Production of polycrystalline silicon (polysilicon) has begun at Hemlock Semiconductor Corp.’s new facility – the single largest in the world – in the Michigan town of the same name. The new plant will produce some 9,000 metric tons of polysilicon a year, bringing the Hemlock facility’s total annual capacity to approximately 19,000 metric tons by the end of this year.
Producers of high-grade silicon are going flat out to meet growing demand. “Delivering polysilicon from our new facility as quickly as possible was essential to meet our customers’ expectations,” Rick Doornbos, Hemlock Semiconductor president and CEO, said in a press release. “These customers have put a lot of faith in us and the additional quantities of silicon feedstock will enable them to advance solar technology throughout the globe.”
Meeting Growing Demand for High-Purity Polysilicon
A joint venture between Mitsubishi Materials Corp., Shin-Etsu Handotai Co. Ltd. and operated by majority partner Dow Corning Corp., Hemlock announced late last year that it would invest US$1.5 billion to expand capacity at the Michigan plant in order to meet growing and firm demand for high-purity polysilicion from its customers, mainly expanding solar photovoltaic (PV) and semiconductor manufacturers.
“Hemlock Semiconductor’s more-than 40 years of technical and manufacturing expertise to supply high-purity polysilicon to the semiconductor and solar industries was critical to our successful construction and operation of this new, world-class operation,” Doornbos said. “We are proud of our team for successfully completing this expansion on-time and within budget.”
Hemlock Semi expects the solar PV industry to grow at a 20-25% rate during the next 10 years. Today, solar energy accounts for approximately 10% of all renewable energy produced, according to company provided figures.
Hemlock is working on an additional expansion that it expects will raise capacity at the Michigan plant to 36,000 tons by the end of 2011. It also continues to search for a second location and potential site for a new manufacturing facility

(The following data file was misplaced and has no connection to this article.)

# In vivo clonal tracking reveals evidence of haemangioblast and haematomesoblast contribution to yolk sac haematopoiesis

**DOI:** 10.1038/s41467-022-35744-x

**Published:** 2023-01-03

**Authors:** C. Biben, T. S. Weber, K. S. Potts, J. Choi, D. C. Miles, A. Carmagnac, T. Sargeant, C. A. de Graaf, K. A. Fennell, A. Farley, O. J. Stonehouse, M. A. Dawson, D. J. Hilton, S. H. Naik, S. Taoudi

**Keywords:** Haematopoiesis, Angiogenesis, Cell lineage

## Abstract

Solar PV & Semiconductors
“The whole point of both these initiatives is to add capacity, due in large part to high demand for HSC’s solar grade polysilicon. The business case for the expansion plans is coming from the solar industry, but HSC’s expertise is based in electronics. We don’t want to forget about our customers in that sector either, so we are trying to build in some flexibility for ourselves by constructing facilities capable of producing polysilicon products for both markets,” spokesperson Jarrod Erpelding said in a December 2006 interview for Resource Investor.
Currently constrained, the Prometheus Institute forecasts that new production capacity and supply will alleviate tight supply-demand conditions and bring down prices and costs for solar PV manufacturers.
“Our research shows that the availability of polysilicon will double between 2006 and 2008, and triple between 2006 and 2010, which means that the amount available for solar will quadruple by 2010. Given that producers are also using it more efficiently, we can expect an effective quintupling in the amount of PV (photovoltaics) that can be produced by the end of the decade,” Travis Bradford, a former hedge fund executive, now founder and director of the Prometheus Institute for Sustainable Development, said in an interview.